79 STASHED IDEAS
Researchers found four phases we go through to do a job:
Triggers that lead to procrastination are: Boredom, frustration, difficulty, stressful, ambiguous, unstructured, unrewarding, and meaningless. The first four triggers tend to appear at all stages of doing a task, and the other four can happen after the work has started.
Productivity systems often focus on how to complete your tasks. However, it is just as important to understand why we battle to do the work.
Procrastination triggers are emotional, making it harder to analyse them objectively. Learning about the most common triggers can help to overcome them.
Procrastination is a signal that something is wrong, and you need to change the way you approach a task.
There are three ways to deal with your procrastination triggers.
Several accomplished people have adopted the Monk Mode Morning Routine: Not doing anything from the time of waking till noon, just focusing on deep, meaningful work on something valuable.
The hustle fallacy is a common belief that by working harder, putting in more hours, and grinding throughout the day, we can get ahead of others and find success.
Overworking, which often leads to burnout, bad relationships, health issues and low-quality output is a product of decades-old work cultures across the world, and most of us post-2020 are either workaholics or recovering from it.
When we look at our calendar, we often notice that every hour is filled with something - almost as if we don't like being left alone with ourselves with nothing to do.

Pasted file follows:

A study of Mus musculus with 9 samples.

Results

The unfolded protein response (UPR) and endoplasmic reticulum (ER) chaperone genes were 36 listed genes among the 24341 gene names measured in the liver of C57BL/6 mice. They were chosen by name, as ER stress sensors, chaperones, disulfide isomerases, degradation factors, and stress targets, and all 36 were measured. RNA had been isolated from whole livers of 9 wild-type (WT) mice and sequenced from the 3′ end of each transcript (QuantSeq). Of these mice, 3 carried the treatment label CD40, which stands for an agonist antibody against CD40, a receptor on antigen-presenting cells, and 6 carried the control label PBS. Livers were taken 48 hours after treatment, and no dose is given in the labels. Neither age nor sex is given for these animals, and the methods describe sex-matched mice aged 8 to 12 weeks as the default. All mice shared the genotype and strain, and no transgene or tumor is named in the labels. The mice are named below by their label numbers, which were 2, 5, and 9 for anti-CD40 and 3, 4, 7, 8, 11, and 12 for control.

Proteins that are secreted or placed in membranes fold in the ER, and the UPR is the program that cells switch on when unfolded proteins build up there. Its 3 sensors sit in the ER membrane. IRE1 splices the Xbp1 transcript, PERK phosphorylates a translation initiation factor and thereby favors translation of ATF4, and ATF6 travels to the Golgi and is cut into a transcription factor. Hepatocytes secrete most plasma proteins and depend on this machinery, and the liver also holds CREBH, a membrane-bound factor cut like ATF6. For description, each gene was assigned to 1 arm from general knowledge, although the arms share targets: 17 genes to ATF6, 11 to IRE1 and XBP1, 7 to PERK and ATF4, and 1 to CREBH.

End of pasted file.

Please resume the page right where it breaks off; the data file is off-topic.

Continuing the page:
But our inner lives are in great need of attention. It takes the absence of an agenda to really learn about ourselves. It takes quiet and time.
Once a week, clear your calendar, remove any social obligations, turn off your notifications, let your projects sit idle and make space for what could happen.
You matter without the stuff, the outside approval, without the career, or the friends. It is worth having a "do nothing" day just to be you.
Studies show that our mind performs better when we use written to-do lists. Here are some ways to make them more effective:
The To-Do list is almost a sacred technique of organizing your day and eventually your life. They lessen the day’s anxiety, provide a structure to power-through and are written proof of our productivity.
As the Zeigarnik Effect proves, we obsess over unfinished tasks and remember stuff which is incomplete or pending. The To-Do list comes to the rescue and saves us from a lot of stress.